The middling unemployment report should not cause people to neglect the massive sell-off in the stock market yesterday, which was predicated mainly on fears of a global return to no growth or even a double-dip recession. Those possibilities are increasing because of this move to austerity and the problems with containing sovereign debt crises in the Mediterranean countries. It’s not one-off events like “the tsunami” or even “Greece!” These are structural economic problems made worse by bad decision making.

Yes, officially the recession ended two years ago, and the economy did indeed pull out of a terrifying tailspin. But at no point has growth looked remotely adequate given the depth of the initial plunge. In particular, when employment falls as much as it did from 2007 to 2009, you need a lot of job growth to make up the lost ground. And that just hasn’t happened.

Consider one crucial measure, the ratio of employment to population. In June 2007, around 63 percent of adults were employed. In June 2009, the official end of the recession, that number was down to 59.4. As of June 2011, two years into the alleged recovery, the number was: 58.2.

These may sound like dry statistics, but they reflect a truly terrible reality. Not only are vast numbers of Americans unemployed or underemployed, for the first time since the Great Depression many American workers are facing the prospect of very-long-term — maybe permanent — unemployment. Among other things, the rise in long-term unemployment will reduce future government revenues, so we’re not even acting sensibly in purely fiscal terms. But, more important, it’s a human catastrophe.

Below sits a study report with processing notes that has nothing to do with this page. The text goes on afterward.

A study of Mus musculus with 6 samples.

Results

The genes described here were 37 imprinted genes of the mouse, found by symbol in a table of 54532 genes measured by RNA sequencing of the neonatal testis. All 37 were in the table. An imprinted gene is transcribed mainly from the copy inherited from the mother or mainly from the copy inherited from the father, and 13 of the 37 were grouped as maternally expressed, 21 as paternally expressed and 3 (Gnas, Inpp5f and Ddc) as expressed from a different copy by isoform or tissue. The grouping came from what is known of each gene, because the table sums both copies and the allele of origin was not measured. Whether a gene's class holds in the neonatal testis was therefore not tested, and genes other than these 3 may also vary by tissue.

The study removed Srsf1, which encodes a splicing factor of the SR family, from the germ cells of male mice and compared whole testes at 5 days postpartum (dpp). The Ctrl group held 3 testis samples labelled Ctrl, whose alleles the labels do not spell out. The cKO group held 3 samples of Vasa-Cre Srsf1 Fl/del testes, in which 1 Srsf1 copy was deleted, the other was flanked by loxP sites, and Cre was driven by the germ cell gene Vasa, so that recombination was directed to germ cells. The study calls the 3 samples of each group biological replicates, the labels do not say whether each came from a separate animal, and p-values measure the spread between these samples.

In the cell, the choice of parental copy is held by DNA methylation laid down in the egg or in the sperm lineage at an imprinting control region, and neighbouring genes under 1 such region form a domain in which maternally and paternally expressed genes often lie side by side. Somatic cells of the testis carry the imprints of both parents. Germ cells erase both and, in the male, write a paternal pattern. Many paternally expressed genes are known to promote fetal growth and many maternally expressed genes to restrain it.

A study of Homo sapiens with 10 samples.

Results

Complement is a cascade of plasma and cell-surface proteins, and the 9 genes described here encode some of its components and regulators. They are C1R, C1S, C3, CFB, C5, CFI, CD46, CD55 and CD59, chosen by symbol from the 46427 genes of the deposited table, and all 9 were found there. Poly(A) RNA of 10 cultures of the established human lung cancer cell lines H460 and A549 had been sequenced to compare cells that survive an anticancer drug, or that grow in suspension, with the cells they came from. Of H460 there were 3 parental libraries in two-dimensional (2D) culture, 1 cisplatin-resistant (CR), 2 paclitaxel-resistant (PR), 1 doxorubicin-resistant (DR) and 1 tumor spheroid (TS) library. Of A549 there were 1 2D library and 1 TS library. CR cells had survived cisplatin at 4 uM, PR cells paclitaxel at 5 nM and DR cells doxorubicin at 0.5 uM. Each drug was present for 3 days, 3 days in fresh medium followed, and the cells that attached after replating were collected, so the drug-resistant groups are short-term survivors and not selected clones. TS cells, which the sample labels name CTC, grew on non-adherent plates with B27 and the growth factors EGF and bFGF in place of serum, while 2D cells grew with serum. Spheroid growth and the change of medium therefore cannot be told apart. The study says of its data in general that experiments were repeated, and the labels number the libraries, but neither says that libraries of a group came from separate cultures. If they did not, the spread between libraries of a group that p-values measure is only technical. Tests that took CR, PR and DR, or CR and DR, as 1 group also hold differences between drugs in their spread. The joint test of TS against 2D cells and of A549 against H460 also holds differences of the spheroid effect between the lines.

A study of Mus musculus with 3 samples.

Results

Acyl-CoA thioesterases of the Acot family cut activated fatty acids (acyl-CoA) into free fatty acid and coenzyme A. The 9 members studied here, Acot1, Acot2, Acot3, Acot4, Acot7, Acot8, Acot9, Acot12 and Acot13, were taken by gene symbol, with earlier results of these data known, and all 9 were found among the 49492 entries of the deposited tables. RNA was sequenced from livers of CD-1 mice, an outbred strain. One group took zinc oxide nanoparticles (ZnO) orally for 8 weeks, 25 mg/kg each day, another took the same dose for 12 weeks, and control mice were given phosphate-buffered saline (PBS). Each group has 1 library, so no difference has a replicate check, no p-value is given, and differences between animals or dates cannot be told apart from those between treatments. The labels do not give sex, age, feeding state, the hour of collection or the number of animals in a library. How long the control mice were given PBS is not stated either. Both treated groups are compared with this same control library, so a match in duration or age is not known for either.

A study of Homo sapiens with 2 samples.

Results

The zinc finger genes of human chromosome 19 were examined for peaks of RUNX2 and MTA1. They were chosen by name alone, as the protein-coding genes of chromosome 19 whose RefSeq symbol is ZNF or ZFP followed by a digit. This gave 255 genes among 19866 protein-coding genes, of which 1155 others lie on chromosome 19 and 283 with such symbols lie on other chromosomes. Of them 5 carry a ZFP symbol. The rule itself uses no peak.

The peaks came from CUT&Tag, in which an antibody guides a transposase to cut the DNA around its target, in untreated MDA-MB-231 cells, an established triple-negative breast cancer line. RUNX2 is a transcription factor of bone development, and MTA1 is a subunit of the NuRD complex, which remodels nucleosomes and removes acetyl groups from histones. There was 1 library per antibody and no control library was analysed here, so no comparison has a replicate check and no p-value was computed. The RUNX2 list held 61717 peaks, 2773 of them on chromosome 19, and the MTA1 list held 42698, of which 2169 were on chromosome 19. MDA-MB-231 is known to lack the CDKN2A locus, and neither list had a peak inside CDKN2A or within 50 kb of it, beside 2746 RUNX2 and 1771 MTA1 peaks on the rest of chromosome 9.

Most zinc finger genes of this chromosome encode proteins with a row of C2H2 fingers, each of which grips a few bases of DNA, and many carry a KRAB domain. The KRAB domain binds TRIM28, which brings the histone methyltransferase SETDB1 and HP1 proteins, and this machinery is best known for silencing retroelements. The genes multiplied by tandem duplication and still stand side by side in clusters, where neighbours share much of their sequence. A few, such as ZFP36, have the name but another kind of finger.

The failure in the economy equals a failure to put those productive resources to use. Similarly, in Europe, the Eurozone has set up one policy that doesn’t currently work for all its member nations. And they refuse to deal with that elephant in the room.

In this country, we have a choice. We can move forward on a broadly popular manufacturing agenda, including many items that could be put in place without Congressional support. In particular, enforcing Buy American provisions on federal procurement would really help out the domestic manufacturing sector. The biggest boost would be in the monetary arena, by getting the Chinese to stop manipulating their currency and allowing it to rise against the dollar. That would be a bigger boost to exports than any corporate-written trade deal. If we’re not going to spend to invest in America, we have to reduce our trade deficit, because growth won’t come from anywhere else. And the jobs created in that sector are typically higher wage, and even unionized, which has a direct correlation on wages.

A couple years ago everyone liked to talk about green jobs and the new green energy economy. At the root, that’s a manufacturing-based economy. And since we all can’t flip burgers at McDonald’s, it’s worth moving that manufacturing agenda forward.